OK, back to the Des Moines Register and their hard-hitting expose of evangelicals who can’t find a Republican presidential candidate whose views are as narrow-minded and provincial as theirs. Here at the Runes, our official position on this issue is “Tough bongos.”
Why? Because in their hurry to elect one of their own kind, the evangelicals failed to notice their candidate was a man of no character and less intelligence, a man beholden to no one but the super-rich. In the past six years, how many man-on-the-street interviews have included some variation of the line “All I know is Bush is a Christian, and that’s good enough for me”?
That’s pathetic. That’s the rapture mentality for you: Earthly things don’t matter to me cause I’m a-gonna be lifted up to heaven.
There’s a running theme through that Register article, and it should give a good dose of the willies to anyone who’s serious about the political process and making the country stronger. Let’s see if we can detect that theme:
[Members of the Central Assembly of God Church] are turned off by poll-driven and single-issue candidates who are ignoring their top priorities—abortion and same-sex marriage.
[The senior pastor of First Federated Church of Des Moines said] “The war with Iraq is on everybody’s mind. Right to life and gay marriage, which are important to Christian conservatives, aren’t as big with the general public.”
“We seem to be losing traction,” said [a Central Assembly of God member]. “The pendulum seems to be swinging in the other direction.”
Everyone who said the theme was “Our obsession with other people’s lives is far more important than the interests of the country at large,” give yourself ten points.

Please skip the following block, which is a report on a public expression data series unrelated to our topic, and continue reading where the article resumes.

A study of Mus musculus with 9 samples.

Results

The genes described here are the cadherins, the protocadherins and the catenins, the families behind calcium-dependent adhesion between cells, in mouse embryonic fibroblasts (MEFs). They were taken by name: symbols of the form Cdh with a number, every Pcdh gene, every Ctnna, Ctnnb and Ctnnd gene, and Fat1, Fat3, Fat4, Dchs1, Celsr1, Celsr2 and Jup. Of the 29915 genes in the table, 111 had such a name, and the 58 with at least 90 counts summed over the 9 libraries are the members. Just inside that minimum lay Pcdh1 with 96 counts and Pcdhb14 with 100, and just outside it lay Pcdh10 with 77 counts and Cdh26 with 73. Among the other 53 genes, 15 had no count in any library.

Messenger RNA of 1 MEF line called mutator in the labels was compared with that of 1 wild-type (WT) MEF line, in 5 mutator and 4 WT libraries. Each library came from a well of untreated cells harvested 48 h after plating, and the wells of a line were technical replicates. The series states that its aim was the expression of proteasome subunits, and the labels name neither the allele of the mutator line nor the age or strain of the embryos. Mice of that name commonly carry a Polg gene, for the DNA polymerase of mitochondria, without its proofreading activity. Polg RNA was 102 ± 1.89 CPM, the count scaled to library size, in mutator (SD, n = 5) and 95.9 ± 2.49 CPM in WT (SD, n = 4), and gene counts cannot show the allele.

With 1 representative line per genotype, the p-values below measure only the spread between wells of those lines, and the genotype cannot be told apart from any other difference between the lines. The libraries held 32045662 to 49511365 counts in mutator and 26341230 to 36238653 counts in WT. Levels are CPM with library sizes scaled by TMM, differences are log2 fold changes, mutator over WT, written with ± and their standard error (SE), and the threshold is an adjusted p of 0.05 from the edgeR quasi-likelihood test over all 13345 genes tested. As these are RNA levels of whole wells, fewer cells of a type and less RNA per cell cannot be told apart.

Ignoring the fact that we can’t technically be at war with Iraq because for all practical purposes we are Iraq, let’s try to figure out why the deaths of 3000 American soldiers and the continued health and well-being of a hundred thousand live ones just might be a tad more important to the general public than the nuptials of Chuck and Larry in Massachusetts.
The question answers itself. The general public (as defined by the senior pastor above) understands the human cost of war, grieves for the families of the dead, and is mature enough to realize that with every death our national defense grows weaker by a power of one. The evangelicals can’t be bothered with that. They’re too busy freaking out over two men kissing.
It takes a sanctimonious soul and a callous heart to claim that preventing same-sex marriage is a higher priority than ending the fiasco in Iraq. Most human beings recognize those qualities as character flaws.
Maybe that’s why the evangelicals are losing traction.